The Centre has finally recognised Punjab’s model of reforms, a key agenda in the state politics, with regard to doing away with the affidavits at public offices and institutions.
In an official communication to the Punjab chief secretary, the union government on June 17 has categorically lauded the “efforts made by the Punjab government to do away with affidavits as a citizen-friendly reform” and stated that “it would be a worthwhile effort to extend this successful policy to other state governments as well as to the Centre”.
To bridge the gap between citizens and the government by removing the post-colonial practice and save citizens from unnecessary litigation, the SAD-BJP government abolished seeking affidavits in all cases except where there is statutory requirement.
Punjab has done away with all these affidavits that were sought by the Punjab officials from citizens on their own to save their skin.The chief secretary on March 10, 2010, issued an order to dispense with the practice of seeking affidavits for 89 services to start with.
Talking about the Centre taking note of Punjab’s initiative on reforms, Punjab Governance Reforms Commission (PGRC) chairman Pramod Kumar said, “Most affidavits were invented by local institutions or departments, the colonial legacy of not trusting Indians. Why should a gazetted officer be more honest than a citizen?”
“So the first step towards bridging the trust deficit between the government and the citizen was to get rid of the affidavits not required by law. If a person gives a false self-declaration he is liable to face action under Section 200 of the IPC; the same as for giving a wrong affidavit,” Kumar said.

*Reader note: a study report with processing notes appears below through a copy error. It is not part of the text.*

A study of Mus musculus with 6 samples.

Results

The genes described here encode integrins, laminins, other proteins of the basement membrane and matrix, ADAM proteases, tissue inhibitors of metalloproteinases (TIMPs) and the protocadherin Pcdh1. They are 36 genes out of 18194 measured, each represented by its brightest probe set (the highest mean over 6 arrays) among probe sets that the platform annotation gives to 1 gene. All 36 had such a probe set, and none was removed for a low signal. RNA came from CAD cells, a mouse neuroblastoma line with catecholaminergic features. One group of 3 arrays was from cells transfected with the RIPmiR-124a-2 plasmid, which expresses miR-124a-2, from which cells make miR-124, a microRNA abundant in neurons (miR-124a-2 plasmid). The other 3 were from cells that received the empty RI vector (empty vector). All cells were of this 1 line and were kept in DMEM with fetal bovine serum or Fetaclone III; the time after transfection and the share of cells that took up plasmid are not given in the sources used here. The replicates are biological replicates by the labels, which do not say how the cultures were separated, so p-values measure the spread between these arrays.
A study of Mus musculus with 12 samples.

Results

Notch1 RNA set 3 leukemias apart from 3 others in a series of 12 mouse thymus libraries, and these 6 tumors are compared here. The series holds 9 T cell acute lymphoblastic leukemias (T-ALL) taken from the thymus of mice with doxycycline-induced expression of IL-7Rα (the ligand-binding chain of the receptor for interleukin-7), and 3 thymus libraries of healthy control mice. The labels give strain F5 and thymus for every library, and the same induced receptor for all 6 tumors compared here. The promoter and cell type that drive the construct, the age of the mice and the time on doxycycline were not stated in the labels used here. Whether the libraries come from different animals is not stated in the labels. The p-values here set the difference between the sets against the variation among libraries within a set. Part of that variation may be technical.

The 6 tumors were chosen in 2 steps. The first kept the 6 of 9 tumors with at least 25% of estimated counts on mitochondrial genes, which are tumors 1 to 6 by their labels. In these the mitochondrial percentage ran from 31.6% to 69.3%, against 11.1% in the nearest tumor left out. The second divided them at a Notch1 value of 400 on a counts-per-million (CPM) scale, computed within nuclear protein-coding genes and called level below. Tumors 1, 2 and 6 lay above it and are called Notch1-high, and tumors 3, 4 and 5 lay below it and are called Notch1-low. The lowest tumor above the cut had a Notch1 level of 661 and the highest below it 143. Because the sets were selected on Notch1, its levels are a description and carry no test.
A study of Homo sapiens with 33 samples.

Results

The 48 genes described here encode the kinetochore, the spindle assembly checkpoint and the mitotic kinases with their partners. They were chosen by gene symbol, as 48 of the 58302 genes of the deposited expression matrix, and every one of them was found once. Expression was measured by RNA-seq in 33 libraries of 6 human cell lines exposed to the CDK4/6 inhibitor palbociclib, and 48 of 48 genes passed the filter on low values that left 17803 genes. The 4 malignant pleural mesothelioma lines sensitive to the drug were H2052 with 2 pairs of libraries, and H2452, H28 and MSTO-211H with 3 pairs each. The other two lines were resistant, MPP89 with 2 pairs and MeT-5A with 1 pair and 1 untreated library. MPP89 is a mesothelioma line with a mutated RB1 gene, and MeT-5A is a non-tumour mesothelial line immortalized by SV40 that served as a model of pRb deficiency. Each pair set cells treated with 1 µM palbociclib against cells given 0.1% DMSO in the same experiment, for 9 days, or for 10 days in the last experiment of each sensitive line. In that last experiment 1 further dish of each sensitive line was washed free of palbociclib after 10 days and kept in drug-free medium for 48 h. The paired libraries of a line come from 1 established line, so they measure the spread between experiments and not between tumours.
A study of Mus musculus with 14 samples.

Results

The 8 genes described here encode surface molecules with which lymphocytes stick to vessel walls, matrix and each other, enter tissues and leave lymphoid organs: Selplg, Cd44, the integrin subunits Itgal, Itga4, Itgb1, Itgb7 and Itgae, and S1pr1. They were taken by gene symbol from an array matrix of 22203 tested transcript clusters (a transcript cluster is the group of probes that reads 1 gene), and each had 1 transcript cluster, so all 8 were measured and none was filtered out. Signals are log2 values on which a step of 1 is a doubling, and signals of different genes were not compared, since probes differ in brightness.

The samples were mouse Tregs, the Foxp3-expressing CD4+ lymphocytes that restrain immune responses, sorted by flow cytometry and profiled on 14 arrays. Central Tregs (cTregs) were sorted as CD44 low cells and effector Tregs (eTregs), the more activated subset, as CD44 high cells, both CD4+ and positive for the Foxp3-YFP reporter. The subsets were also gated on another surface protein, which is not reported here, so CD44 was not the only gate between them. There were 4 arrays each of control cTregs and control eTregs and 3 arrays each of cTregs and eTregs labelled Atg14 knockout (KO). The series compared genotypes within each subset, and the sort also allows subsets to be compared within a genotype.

The state government had issued instructions that instead of seeking affidavits, three specimens of self-declaration should be furnished for getting services from government departments, local bodies, autonomous institutions, for getting admission to educational institutions and for employment in government or semi-government organisations.
According to the PGRC, the reforms has resulted in the annual saving of Rs 600 crore, including monitoring cost of getting the affidavit and the opportunity cost of loss of productivity and wages.
The reform to abolish affidavits in Punjab was recommended by the PGRC in 2009. Other than the 10 or 11 services for which an affidavit is mandatory under state and central laws, such as getting a passport or an arms licence, Punjab has done away with all affidavits that were “local inventions”.